Asian markets and the Trump-Kim Summit
By Fund Selector Asia, 11 Jun 18
Will the outcome of the historic US-North Korean summit in Singapore on June 12 impact Asian markets? FSA asks Janus Henderson, Barings, Aberdeen Standard and BOS what they think.
Sat Duhra is co-manager of Janus Henderson Investors’ Asian Dividend Income strategy.
North Korea has not been a top concern among investors in Asia markets, Duhra said.
“When relations with the US deteriorated, we didn’t see markets significantly react to the threat. When there was an improvement in relations, the markets largely ignored it.
“I think the reason is because in Asia there is bit more understanding that this is about self-preservation for North Korea and that’s not something markets tend to play.”
More concerning for markets is the recent G7 meeting and the tariffs imposed and the impact on global trade. “That’s a much more significant concern for markets than what goes on at the summit.”
He noted that both leaders are unpredictable and have a reputation for saying one thing and then “having a change of heart at the last minute”. Nonetheless, he believes the summit outcome has already been decided after months of preliminary work by senior representatives of both governments.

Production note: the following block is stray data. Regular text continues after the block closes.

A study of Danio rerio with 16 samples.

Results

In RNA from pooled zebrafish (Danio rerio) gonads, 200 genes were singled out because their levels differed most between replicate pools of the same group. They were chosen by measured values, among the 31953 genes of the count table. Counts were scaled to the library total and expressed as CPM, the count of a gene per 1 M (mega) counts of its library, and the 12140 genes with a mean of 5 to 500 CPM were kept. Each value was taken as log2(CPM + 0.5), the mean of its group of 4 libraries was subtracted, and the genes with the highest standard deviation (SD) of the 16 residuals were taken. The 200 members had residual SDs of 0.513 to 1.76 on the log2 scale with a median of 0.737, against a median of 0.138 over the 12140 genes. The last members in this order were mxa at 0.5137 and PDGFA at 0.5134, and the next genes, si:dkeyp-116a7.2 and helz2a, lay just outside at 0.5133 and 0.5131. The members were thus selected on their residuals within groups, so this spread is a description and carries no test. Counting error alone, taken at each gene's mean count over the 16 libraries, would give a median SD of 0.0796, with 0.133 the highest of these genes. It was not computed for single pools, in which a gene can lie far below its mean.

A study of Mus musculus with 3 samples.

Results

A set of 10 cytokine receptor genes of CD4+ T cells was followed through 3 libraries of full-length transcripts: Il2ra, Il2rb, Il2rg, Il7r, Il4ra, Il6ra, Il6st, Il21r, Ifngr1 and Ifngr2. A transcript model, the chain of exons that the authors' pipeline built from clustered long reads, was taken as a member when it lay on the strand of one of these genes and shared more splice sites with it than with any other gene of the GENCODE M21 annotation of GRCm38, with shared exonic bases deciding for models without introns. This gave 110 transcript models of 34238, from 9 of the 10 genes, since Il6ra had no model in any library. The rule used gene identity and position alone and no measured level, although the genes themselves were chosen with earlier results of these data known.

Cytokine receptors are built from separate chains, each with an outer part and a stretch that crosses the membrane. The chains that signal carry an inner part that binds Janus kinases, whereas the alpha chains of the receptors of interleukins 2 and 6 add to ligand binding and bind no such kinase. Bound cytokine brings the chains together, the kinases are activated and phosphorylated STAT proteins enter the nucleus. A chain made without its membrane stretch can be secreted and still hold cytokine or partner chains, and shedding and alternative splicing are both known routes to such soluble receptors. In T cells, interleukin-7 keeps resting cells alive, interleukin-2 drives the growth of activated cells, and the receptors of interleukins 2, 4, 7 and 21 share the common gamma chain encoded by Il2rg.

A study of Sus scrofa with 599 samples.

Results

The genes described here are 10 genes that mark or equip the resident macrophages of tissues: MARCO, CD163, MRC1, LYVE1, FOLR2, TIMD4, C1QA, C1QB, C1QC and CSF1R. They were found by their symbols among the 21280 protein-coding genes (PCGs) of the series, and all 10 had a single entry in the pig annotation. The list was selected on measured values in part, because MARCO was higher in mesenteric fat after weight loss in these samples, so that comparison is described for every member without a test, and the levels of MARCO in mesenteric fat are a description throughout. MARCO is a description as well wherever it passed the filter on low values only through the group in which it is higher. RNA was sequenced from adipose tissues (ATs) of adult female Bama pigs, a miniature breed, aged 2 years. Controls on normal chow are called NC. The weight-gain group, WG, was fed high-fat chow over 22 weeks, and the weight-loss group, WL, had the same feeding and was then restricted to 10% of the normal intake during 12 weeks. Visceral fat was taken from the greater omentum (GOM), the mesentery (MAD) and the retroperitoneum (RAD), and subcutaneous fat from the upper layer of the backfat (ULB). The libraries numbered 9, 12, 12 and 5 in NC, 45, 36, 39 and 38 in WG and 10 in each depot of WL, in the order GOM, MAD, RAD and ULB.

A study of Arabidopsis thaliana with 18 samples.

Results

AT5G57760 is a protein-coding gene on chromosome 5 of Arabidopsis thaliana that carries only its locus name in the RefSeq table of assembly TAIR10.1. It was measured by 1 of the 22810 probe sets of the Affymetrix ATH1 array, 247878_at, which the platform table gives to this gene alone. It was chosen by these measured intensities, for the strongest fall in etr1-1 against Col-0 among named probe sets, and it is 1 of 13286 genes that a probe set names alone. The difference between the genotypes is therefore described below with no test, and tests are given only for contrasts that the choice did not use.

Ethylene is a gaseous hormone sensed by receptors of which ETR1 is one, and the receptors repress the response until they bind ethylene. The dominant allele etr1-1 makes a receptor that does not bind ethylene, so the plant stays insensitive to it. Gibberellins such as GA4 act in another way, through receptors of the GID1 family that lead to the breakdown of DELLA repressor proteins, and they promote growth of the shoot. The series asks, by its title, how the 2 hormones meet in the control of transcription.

“Whatever is going to be announced is probably already agreed so there won’t be a huge shock. We should expect something slightly positive.
“The Korean and Japan markets could have a little positive move but we don’t expect anything significant.”
Duhra’s Asian Dividend Income strategy has three Korea positions in the top ten holdings: Samsung, KB Financial and the Macquarie Korea infrastructure Fund.
“We saw a couple years back a huge reform effort in Korea and stocks have paid good dividends in financials, energy and even technology. Stocks have done well on the back of that.
“But operationally, we don’t see any change in what happens to our holdings [due to the summit].”
A positive outcome that resulted in North Korea opening would play out over several years, he added.
“We shouldn’t be excited about what goes on now in terms of the South Korean market. It takes a long time to change a country, to move the needle. Removing sanctions and developing economic ties is not even a one-year horizon.”